NEW DELHI — An Indian magistrate on Thursday ordered the trial of five men accused in the fatal gang rape of a young woman on a moving bus to be shifted to a special fast-track court in New Delhi.
The brutal rape of the 23-year-old student last month set off protests in New Delhi and sparked a national debate about the treatment of women and the inability of law enforcement to protect them.
In an effort to address some of that criticism, the government set up five fast-track courts in the capital in recent weeks to deal swiftly with crimes against women. Authorities were eager to move the case into one of those courts, which are designed to avoid the delays and corruption that plague much of India’s legal system.
Magistrate Namrita Aggarwal dealt with several procedural issues during a session Thursday morning and then reconvened the court in the afternoon for a second session at which she ordered the transfer to a fast-track court. The first hearing is to be held there on Monday.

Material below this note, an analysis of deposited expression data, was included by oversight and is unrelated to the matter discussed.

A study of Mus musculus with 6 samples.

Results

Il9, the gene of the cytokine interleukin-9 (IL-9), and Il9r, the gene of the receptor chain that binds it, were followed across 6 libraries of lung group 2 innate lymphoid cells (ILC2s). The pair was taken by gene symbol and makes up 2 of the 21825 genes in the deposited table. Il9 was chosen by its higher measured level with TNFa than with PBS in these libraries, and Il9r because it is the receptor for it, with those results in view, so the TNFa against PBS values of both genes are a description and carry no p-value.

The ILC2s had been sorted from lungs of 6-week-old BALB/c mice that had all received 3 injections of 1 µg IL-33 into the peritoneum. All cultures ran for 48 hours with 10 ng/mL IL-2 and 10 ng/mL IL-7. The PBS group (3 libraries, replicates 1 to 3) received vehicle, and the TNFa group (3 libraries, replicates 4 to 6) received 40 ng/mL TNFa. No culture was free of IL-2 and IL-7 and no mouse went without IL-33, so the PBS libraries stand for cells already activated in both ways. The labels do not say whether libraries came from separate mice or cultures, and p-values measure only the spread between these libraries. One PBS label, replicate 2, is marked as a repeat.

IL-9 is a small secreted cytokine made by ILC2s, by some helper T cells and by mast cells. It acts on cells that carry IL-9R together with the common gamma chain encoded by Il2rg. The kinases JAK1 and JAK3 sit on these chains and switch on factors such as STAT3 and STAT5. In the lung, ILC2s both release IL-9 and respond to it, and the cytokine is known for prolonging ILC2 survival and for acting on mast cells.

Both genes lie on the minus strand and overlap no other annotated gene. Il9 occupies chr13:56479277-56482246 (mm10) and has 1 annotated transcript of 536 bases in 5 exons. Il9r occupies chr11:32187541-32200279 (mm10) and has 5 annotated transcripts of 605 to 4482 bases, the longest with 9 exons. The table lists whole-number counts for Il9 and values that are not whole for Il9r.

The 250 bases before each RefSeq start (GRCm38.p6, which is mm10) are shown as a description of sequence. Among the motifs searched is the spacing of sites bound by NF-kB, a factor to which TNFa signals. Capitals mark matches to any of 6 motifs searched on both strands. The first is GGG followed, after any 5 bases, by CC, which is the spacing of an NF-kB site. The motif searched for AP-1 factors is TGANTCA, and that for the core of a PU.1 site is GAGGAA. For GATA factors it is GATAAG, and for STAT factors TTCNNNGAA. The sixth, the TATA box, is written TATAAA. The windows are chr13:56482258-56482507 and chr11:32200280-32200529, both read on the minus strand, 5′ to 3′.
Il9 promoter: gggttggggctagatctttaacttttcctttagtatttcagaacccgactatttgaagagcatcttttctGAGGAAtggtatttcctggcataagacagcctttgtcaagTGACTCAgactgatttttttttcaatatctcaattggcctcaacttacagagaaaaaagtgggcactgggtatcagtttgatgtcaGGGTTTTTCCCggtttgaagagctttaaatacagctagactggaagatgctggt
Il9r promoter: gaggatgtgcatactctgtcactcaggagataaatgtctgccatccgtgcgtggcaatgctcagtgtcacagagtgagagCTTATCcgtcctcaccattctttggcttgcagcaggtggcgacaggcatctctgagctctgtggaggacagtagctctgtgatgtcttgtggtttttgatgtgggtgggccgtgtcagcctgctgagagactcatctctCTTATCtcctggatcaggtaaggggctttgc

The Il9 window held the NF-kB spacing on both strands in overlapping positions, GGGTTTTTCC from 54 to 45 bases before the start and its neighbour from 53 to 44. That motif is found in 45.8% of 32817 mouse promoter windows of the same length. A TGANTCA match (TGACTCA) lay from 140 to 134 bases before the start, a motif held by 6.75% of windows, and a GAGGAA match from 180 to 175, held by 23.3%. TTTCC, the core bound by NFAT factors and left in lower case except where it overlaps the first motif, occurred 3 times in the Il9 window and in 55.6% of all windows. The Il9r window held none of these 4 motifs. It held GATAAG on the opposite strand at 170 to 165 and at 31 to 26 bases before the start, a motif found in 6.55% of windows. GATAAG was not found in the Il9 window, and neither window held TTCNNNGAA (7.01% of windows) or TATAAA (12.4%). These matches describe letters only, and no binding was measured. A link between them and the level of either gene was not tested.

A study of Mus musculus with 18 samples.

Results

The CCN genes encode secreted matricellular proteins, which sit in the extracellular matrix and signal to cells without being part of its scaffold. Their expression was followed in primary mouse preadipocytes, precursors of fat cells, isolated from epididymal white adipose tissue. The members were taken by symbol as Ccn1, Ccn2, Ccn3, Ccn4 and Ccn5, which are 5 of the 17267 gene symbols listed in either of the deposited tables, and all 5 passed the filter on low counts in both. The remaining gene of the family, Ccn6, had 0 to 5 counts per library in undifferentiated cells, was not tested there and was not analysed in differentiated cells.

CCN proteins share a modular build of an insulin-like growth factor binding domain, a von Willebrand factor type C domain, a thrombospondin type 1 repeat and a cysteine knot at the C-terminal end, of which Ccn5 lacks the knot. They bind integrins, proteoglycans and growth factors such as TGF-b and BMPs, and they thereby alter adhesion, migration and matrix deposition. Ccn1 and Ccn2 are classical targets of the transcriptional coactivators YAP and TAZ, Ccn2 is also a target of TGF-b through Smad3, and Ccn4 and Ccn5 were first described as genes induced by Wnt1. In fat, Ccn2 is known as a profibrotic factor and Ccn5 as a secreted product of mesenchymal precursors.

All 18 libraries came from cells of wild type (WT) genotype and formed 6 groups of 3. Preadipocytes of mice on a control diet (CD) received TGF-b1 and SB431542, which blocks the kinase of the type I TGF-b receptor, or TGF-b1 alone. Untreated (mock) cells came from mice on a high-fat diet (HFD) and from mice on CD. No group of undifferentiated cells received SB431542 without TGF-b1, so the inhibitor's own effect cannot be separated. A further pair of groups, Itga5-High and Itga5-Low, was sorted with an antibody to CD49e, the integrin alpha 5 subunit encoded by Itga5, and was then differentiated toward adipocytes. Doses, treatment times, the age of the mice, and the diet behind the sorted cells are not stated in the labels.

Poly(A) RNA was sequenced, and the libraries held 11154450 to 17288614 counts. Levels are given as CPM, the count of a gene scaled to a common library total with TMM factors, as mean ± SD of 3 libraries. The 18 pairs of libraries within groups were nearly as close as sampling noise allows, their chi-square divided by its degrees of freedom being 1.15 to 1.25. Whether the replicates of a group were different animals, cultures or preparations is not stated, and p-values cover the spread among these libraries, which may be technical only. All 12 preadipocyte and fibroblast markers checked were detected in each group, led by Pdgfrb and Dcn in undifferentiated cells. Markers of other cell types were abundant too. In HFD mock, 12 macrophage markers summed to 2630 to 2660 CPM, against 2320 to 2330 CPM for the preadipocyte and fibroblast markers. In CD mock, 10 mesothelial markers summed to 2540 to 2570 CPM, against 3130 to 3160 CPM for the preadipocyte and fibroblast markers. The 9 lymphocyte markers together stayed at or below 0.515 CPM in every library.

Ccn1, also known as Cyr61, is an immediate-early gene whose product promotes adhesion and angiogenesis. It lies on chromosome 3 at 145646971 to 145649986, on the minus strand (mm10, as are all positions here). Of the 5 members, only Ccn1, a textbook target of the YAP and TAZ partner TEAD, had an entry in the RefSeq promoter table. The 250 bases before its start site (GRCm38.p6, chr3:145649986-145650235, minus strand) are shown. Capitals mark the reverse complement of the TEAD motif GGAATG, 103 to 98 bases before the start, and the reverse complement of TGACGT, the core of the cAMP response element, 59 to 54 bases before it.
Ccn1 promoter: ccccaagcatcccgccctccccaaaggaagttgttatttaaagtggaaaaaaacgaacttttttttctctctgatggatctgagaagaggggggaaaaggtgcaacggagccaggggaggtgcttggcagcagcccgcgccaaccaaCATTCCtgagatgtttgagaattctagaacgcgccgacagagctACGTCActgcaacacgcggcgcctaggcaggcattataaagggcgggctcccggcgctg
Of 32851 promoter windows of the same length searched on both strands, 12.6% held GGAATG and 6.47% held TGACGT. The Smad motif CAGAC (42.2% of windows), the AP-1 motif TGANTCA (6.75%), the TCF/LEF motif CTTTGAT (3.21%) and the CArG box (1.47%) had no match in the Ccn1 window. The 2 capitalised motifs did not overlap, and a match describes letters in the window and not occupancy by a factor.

A sixth suspect in the attack claims to be a juvenile, and his case is being handled separately.
Lawyers for the five have said police mistreated their clients, including beating them to force them to confess to the Dec. 16 crime.
V.K. Anand, a lawyer for one of the defendants, said Thursday that he would petition the Supreme Court to have the rape trial moved out of New Delhi because he doesn’t believe his client could get a fair hearing in the capital.
Police say the victim and a male friend were heading home from an evening movie when they boarded a bus, where they were attacked by the six assailants. The attackers beat the man and took turns raping the woman and penetrated her repeatedly with a metal bar, causing massive internal injuries, police said. During the attack, the bus drove through a series of police checkpoints without incident, police said.
The victims were eventually dumped on the roadside, and the woman died two weeks later in a Singapore hospital.
The attack focused attention on the little-discussed issue of sexual violence in a country where women are still often regarded as second-class citizens. Victims are often blamed for sexual attacks — by their families or authorities — and the shame of rape keeps many women from reporting such attacks.
Since the gang rape, though, sexual violence has become front-page news nearly every day across the country, with demands that the government do more to protect women and prosecute those that attack them. The government has established several committees to look into how such a horrific attack could occur and recommend changes in the law.